What’s Behind the (Changing) Doors of Williamsburg?


Williamsburg, hit hard by rising rents, is home to a growing number of glassy high-rise condos, one sign of the sweeping changes in the neighborhood.  But it’s not just the glass on the walls that signal those changes. Often it is the glass on the front door.

According to NYU’s Furman Center, between 1990 and 2014 rents in Williamsburg soared by 78.7 percent. And according Kwesi Luke, a South Williamsburg Community Coordinator, the changing style of doors in the neighborhood is a key sign of what’s behind those rising rents—gentrification. “The building could be garbage,” Luke said, but when the wealthier residents move in, they always change the door, typically to glass or chrome. “It’s a sign of class,” he said.  

Walking the streets of Williamsburg, there is a clear correlation between the level of gentrification in certain parts of the neighborhood and the doors. That’s not to say that all of the front doors in leafy North Williamsburg are flashy; indeed, the Northside has its fair share of worn out front doors. But rather, a flashy front door is more likely to appear in North Williamsburg than in South Williamsburg. The chrome door handles scattered here and there on the Southside, meanwhile, are often in an awkward hybrid stage: great handles but shoddy paintwork.

This change in the style of Williamsburg’s front doors is a phenomenon that hardware employees have noticed, who say the doors are evolving too. At M&D Door & Hardware, a large warehouse that sells hardware to contractors, Mark Farkas, a sales assistant, said the noticeable difference is the change in the finishing. “The hardware has changed from brass to chrome,” he said.

While some of Farkas’ colleagues looked baffled at the idea, sales figures support the theory. At M&D Doors & Hardware, the ratio for the demand of brass to chrome doors was once 70:30. According to Farkas, that ratio flipped around the year 2000, with chrome now making up 70 percent of the orders.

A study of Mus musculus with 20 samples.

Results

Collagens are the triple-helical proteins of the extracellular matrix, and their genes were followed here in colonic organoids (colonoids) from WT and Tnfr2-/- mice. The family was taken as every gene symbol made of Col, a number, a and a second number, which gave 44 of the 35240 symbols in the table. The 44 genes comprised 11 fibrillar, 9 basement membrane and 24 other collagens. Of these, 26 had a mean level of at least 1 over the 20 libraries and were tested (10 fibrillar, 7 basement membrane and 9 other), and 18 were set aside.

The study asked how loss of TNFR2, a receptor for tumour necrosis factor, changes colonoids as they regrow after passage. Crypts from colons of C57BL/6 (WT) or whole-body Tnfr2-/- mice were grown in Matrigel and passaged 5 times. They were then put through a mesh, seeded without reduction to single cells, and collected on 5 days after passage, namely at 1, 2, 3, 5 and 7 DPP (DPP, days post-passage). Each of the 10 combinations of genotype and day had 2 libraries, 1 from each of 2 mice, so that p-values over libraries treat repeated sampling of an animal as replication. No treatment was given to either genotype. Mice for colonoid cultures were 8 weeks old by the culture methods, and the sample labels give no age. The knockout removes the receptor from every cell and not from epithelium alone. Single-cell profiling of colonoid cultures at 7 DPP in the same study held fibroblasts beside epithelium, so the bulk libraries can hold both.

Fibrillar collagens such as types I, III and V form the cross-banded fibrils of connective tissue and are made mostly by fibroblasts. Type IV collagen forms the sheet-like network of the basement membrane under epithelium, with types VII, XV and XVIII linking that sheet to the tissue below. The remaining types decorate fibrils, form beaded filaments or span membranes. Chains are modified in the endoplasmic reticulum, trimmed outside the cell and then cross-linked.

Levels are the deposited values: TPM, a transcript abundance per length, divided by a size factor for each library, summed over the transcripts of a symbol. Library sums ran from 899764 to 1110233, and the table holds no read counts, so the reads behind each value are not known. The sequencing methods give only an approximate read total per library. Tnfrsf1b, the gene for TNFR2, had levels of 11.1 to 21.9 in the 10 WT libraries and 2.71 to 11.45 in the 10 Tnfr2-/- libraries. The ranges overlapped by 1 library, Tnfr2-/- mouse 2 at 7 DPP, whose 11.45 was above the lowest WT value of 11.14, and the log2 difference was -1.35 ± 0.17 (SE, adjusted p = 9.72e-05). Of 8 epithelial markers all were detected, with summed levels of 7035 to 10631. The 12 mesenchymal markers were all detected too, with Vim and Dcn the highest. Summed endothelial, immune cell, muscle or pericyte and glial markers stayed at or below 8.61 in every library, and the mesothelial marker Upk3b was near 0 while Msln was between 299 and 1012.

But the devil is in the details. It’s mostly the handles that are changing to chrome, Farkas said, not necessarily always the door. Surprisingly, despite their popularity among the “yuppies”—as Farkas calls them—chrome hardware is actually cheaper than brass. The average price for chrome hardware at M&D Doors & Hardware is $37, whereas brass could cost upwards of $57. The change in door hardware is not necessarily a matter of showing off wealth, rather, it’s a matter of style. “It’s the yuppie style,” as Farkas puts it.

The evolving door handles and doors are a microcosm for the changing demographics of Williamsburg. The average income in Williamsburg increased by 41.1 percent from 2000 to 2014, according to the Furman Center. Along with changes in median income, gentrification has also changed the racial makeup of the neighborhood. According to nyc.gov city data, there was a 37 percent reduction in the number of black and Hispanic residents living in the District 33 area from 2000 to 2010. During the same time period, there was a 20 percent increase in the number of white residents living in the area. The change in doors might just be an aesthetic choice, but it is also emblematic of a deeper narrative, the differing tastes of the newer, richer, and ultimately whiter residents who are moving into the neighborhood.

So, who lives behind the glass doors? According Bridget Togans, a long-time resident, it’s kids: people she sees as privileged 20-somethings. Togans has lived in the Williamsburg and Bushwick area for 37 years and has seen the area change significantly over the decades.“The doors change according to the fashion of these children, most of whom come from rich homes out of state,” Togans said.

She described their choice of doors matter of factly. “Their doors are rustic, more natural. Some are really psychedelic, with varying colors,” she said. Togans also noted that the newcomers like to “shellac” them, for a shine. The fact that the doors are changing is a sign that the neighborhood is becoming “very transient,” she said. img_1949

Still, for some, buying a new and sturdier front door is a matter of safety. Elise Lefteriou, a resident of nearby Bushwick, is in her late twenties, and she believes strongly in the door theory. “It actually happened to me!” she exclaimed. Lefteriou used to live along Gates Avenue, Bushwick, and lamented her old door as “the worst front door.” It would break all the time and random people would crack it open, asking for money. She eventually moved out. But she went back one year ago to check out what was going on with her old place.

And the front door had changed. At the time she lived there, two years ago, she was paying $1,800 in rent. The last time she checked, the rent had increased to $2,100. Lefteriou theorizes that the change of doors and increase in property value are related. On a practical level, the installation of chrome and glass doors “appears safer,” she said. But ultimately, it just looks more “welcoming” and “offers a luxury appeal.”